July 2, 2012

Friday, August 10. 2007

A British mother got a glimpse of what Palestinians have endured for decades when Israeli bulldozers demolished her home.

The 32-year-old mother Jessica Barhum and her Israeli-Arab husband woke up in shock at 5:00 am to find two Israeli bulldozers tearing down their two-bedroom house in the village of Ein Rafa, west of al-Quds (occupied East Jerusalem).

Pregnant Barhum was given just five minutes to vacate before implementing a demolition order against the house her husband Moussa spent eight years building on land owned by his family.

“You can’t believe a country like this would make a law against its own citizens,” a tearful Barhum told Agence France-Presse (AFP).

“I can’t believe that it’s lawful, that this law exists,” she added.

Barhum accused Israel of discriminating against its own Arab citizens, who pay taxes.

“We abide by the law, we’re Israeli citizens.

“We all want to live together, but the people who are making the laws don’t,” she said.

Israeli Arabs are descendants of Palestinians who stayed when hundreds of thousands fled or were driven from their homes when Israel was founded in 1948.

Arabs represent about a fifth of Israel’s population, estimated at nearly 5.2 million.

Though legally considered Israeli citizens, many of them face discrimination in all walks of life.

Poverty rate among Arabs is almost twice that of the Jewish population.

“They know that they weren’t just knocking our house down, they know that they were breeding hatred and anger within our community,” Barhum added.

The legislative branch of the Israeli government, the Knesset, has made life unbearable for Israeli Arabs married to Palestinians by adopting a law denying the latter the right to Israeli residency to live with their spouses.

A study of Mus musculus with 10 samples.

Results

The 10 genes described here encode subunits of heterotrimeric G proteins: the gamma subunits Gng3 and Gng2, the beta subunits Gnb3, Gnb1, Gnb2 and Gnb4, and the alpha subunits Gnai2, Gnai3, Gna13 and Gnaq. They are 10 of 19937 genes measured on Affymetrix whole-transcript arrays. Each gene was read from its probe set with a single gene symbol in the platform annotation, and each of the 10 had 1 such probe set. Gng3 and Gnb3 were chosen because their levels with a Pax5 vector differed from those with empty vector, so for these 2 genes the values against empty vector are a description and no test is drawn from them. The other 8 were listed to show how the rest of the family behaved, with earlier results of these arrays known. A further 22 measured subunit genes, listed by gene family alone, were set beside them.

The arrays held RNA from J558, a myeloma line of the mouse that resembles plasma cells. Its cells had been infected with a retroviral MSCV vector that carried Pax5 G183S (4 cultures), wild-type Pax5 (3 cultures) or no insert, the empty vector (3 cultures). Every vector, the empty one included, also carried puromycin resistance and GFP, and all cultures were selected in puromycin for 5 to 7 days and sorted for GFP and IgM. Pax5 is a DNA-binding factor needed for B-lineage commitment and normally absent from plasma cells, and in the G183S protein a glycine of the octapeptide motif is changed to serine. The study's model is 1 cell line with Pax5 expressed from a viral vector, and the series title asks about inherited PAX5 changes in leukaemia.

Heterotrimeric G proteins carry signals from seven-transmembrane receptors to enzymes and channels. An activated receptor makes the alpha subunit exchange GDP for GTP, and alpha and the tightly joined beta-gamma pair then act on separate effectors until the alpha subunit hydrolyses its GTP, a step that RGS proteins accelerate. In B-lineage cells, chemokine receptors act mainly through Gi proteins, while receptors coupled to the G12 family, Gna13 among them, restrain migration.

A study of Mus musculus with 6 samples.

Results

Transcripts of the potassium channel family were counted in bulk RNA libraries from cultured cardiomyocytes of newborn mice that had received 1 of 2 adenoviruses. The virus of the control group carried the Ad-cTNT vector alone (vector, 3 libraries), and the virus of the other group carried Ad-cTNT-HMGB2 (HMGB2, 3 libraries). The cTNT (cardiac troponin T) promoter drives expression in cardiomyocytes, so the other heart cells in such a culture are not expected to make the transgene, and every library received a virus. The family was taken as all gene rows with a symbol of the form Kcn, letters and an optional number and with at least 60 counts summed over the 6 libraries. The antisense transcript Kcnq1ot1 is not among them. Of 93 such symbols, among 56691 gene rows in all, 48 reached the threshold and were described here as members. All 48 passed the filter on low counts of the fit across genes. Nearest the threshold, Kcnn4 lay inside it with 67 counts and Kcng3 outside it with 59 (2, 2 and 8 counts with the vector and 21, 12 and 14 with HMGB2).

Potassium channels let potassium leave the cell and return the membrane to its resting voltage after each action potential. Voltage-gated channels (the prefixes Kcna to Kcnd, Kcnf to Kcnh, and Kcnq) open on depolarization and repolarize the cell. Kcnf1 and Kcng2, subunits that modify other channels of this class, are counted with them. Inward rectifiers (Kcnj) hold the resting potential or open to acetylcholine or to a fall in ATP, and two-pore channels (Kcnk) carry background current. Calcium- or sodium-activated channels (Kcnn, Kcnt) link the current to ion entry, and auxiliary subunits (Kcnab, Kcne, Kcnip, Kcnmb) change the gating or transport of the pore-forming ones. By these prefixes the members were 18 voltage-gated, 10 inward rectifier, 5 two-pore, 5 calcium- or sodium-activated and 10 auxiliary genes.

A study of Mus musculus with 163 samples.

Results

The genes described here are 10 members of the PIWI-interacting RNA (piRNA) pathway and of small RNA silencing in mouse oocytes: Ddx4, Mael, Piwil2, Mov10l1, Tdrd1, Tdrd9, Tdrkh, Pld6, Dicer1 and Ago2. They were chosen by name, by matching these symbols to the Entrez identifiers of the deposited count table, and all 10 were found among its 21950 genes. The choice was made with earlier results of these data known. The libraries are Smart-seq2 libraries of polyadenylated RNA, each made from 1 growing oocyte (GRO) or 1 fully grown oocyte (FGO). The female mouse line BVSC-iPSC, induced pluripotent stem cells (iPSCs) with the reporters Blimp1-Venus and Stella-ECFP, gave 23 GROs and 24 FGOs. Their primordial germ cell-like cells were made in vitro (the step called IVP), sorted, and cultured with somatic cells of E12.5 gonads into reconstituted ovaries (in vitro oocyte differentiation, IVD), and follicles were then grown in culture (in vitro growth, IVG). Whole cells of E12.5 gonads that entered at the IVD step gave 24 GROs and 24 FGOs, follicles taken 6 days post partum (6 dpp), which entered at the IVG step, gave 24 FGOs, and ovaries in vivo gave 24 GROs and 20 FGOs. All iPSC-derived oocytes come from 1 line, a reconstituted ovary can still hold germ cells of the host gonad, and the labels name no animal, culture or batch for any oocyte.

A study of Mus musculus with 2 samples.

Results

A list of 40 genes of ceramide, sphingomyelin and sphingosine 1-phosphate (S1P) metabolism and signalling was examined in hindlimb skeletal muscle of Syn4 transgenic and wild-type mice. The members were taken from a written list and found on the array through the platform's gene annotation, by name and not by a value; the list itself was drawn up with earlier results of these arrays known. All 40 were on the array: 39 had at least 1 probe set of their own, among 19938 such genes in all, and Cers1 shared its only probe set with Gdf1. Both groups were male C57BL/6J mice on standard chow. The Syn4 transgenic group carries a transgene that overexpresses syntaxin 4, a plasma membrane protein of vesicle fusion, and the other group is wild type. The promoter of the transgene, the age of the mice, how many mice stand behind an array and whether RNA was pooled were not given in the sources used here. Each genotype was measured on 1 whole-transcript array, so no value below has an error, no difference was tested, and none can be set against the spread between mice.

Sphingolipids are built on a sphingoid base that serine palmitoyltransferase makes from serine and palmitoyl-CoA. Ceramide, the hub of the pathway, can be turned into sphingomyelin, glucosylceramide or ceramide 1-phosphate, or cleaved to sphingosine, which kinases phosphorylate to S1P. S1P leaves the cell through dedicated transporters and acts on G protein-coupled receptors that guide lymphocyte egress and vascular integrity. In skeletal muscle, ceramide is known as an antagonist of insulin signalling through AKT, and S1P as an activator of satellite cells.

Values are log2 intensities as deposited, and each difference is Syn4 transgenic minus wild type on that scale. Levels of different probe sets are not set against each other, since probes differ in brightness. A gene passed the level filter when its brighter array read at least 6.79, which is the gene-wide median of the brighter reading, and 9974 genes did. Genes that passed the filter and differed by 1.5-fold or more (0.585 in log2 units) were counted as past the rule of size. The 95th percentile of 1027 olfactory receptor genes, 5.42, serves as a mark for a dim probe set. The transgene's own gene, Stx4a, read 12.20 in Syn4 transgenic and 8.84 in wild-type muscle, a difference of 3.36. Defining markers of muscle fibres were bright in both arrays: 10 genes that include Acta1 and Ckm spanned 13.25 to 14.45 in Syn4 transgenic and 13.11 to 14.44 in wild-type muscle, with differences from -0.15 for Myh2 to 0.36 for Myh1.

Barhum grew up in the southern British city of Salisbury but moved to Al-Quds after marrying.

In 2005, Moussa was given legal notice he had 18-months to secure an Israeli permit to build the home or have it bulldozed. Up until the deadline, he was unable to get the hard-to-win permit.

Israeli authorities do not issue building permissions for Palestinians who are also banned from renovating their house unless with an Israeli permit, which they rarely get.

Under the Fourth Geneva Convention, Israeli demolitions of Palestinian homes in the occupied territories are classified as illegal because Israel is an occupier.

Last year, some 850 houses were demolished, most of them in the Arab sector, according to the Israeli Committee Against House Demolitions (ICAHD).

And since 1967, 18,000 Palestinian homes have been demolished in the occupied territories, including Al-Quds.

In 1968, Israel enacted a law allowing “illegal” houses to be razed even if permits are pending in the bureaucratic pipeline.

The law is disproportionately used against the Palestinians and Israeli Arabs rather than Jewish Israelis, according to AFP.

ICAHD field coordinator Meir Margalit said Jewish homes are never demolished on the permit pretext under the 1968 law.

For decades, Israel has been involved in the systematic demolition of homes in the occupied territory largely seen as part of a larger scheme by Israeli occupation forces against the holy city of Al-Quds.

In 2006, Israel cancelled a record number of residence permits for 1,363 Palestinians of Al-Quds, effectively denying them access to the holy city.

Permanent residence gives the holder the right to live and work in the occupied holy city and vote in municipal, but not parliamentary elections.

Israel captured Al-Quds, home to Islam’s third holiest shrine, in the 1967 six-day war and later annex the holy city, in a move not recognised by the international community.